CRA: Delay Your CPP Pension to Reduce the 15% OAS Clawback for 5 Years

CPP users who are wary of the 15% OAS clawback can consider delaying pension payments until 70. Also, holding the Canadian Natural Resources stock in a TFSA will produce non-taxable income.


The Canada Revenue Agency (CRA) sets the minimum and maximum income thresholds every year. If your income exceeds the minimum threshold, you trigger the recovery tax or the notorious OAS clawback. The tax-equivalent is 15% of the excess amount, which the CRA will deduct from the benefits. Your OAS reduces to zero if your income exceeds the maximum threshold.

Since the Canada Pension Plan (CPP) pension payments are taxable income, CPP users also dread the OAS clawback. Taxes are thorns, especially to retirees, because it lessens retirement income. However, if you want to minimize, if not avoid, the recovery tax, a simple way is to delay your CPP until 70.

Hit two birds with one stone

The deferral option is a proven strategy of Canadian retirees. More importantly, you benefit in two ways. Delaying your CPP until age 70 increases your pension and reduces your net income at the same time. To further boost your retirement income, consider delaying your CPP and OAS.

If you delay both until 70, the permanent increases are 42% for the CPP and 36% for the OAS. In 2020, the average annual CPP pension at age 65 was $8,524.92. Thus, the amount bumps up to $12,105.39. For the OAS, instead of $7,362.36, it becomes $10,012.81.

Combine the pensions, and your annual income for life is $22,118.20 or $6.230.92 more than if you were to start CPP and OAS payments at 65. Consider splitting your pension if your spouse’s income is significantly lower than yours. Split up to 50% with your spouse or common-law-partner to bring down your tax bill.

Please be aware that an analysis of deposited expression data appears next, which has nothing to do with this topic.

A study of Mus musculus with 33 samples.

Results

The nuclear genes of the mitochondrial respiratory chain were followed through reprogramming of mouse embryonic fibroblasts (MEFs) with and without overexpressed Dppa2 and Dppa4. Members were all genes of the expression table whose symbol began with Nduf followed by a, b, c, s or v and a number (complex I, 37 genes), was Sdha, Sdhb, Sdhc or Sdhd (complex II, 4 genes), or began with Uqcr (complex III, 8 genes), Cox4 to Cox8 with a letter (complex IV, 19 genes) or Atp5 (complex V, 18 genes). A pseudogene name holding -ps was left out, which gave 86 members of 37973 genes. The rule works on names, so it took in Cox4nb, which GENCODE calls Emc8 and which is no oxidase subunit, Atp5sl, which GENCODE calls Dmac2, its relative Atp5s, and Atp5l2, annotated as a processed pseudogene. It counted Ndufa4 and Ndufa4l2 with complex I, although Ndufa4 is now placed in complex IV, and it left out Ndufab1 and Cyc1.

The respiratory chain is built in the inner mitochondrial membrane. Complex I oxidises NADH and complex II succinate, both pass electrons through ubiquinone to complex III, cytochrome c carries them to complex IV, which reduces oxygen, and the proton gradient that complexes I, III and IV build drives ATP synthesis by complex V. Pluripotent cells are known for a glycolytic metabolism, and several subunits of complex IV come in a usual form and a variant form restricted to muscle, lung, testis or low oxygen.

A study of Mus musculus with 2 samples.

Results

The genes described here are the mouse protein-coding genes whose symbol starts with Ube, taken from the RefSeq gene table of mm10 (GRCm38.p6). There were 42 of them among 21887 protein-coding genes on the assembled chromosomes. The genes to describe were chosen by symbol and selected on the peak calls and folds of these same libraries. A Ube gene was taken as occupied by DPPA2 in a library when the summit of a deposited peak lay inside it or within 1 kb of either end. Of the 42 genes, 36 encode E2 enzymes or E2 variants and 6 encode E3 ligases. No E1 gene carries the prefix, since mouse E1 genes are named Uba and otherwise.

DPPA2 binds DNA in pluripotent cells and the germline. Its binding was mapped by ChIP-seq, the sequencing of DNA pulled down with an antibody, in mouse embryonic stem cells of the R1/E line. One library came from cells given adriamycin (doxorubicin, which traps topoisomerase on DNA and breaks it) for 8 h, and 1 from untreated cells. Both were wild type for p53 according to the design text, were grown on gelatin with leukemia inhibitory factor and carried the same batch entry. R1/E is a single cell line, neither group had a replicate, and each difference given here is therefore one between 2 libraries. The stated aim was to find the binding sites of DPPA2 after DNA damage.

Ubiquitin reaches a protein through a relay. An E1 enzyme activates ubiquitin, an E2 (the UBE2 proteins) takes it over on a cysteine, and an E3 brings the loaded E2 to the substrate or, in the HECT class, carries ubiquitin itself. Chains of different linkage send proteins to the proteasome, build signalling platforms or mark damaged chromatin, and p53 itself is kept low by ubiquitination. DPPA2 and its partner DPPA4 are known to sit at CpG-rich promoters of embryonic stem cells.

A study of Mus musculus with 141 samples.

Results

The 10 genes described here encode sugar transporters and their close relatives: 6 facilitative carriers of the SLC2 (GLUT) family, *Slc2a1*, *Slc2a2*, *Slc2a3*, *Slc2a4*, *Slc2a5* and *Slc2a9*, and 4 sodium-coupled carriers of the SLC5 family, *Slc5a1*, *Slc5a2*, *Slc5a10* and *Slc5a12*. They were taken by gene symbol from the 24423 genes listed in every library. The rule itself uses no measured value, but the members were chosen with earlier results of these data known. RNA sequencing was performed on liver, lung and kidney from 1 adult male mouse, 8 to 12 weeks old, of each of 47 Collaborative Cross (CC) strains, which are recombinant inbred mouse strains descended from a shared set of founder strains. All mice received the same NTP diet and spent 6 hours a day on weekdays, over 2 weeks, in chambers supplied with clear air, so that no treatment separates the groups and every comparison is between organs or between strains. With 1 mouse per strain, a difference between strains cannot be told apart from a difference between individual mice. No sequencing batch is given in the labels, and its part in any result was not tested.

Second fallback

The next best option to be rid of the 15% OAS clawback is to produce non-taxable income. Your vehicle to keep the CRA off your back is the Tax-Free Savings Account (TFSA). If you have savings or non-registered investments, move them to your TFSA if there’s an available contribution room for tax-free income.

Pure dividend play

Most TFSA investors hold a pure-dividend play like Canadian Natural Resources (TSX:CNQ)(NYSE:CNQ) in their accounts. The energy stock is a top choice for the high yield and its dividend growth streak.

This $36.86 billion crude oil, natural gas, and natural gas liquids (NGLs) producer have raised its dividends for 19 consecutive years. Although the renowned dividend payer underperformed in 2020 (-27%), investors enjoyed a 5.48% dividend. However, CNQ should rebound in 2021 now that oil prices are picking up.

Canadian Natural Resources plays a vital role in the oil and gas industry, particularly in Western Canada, the North Sea close to the U.K. and Offshore Africa. Analysts are bullish and recommend a buy rating. The next 12 months’ price target is $45, or a 44% jump from the current price of $31.21.

Minimize the tax bite

The 15% recovery tax will bite if CPP users won’t do anything. Delaying your CPP will work wonders in reducing taxes and avoiding the OAS clawback.

This article represents the opinion of the writer, who may disagree with the “official” recommendation position of a Motley Fool premium service or advisor. We’re Motley! Questioning an investing thesis — even one of our own — helps us all think critically about investing and make decisions that help us become smarter, happier, and richer, so we sometimes publish articles that may not be in line with recommendations, rankings or other content.

Fool contributor Christopher Liew has no position in any of the stocks mentioned.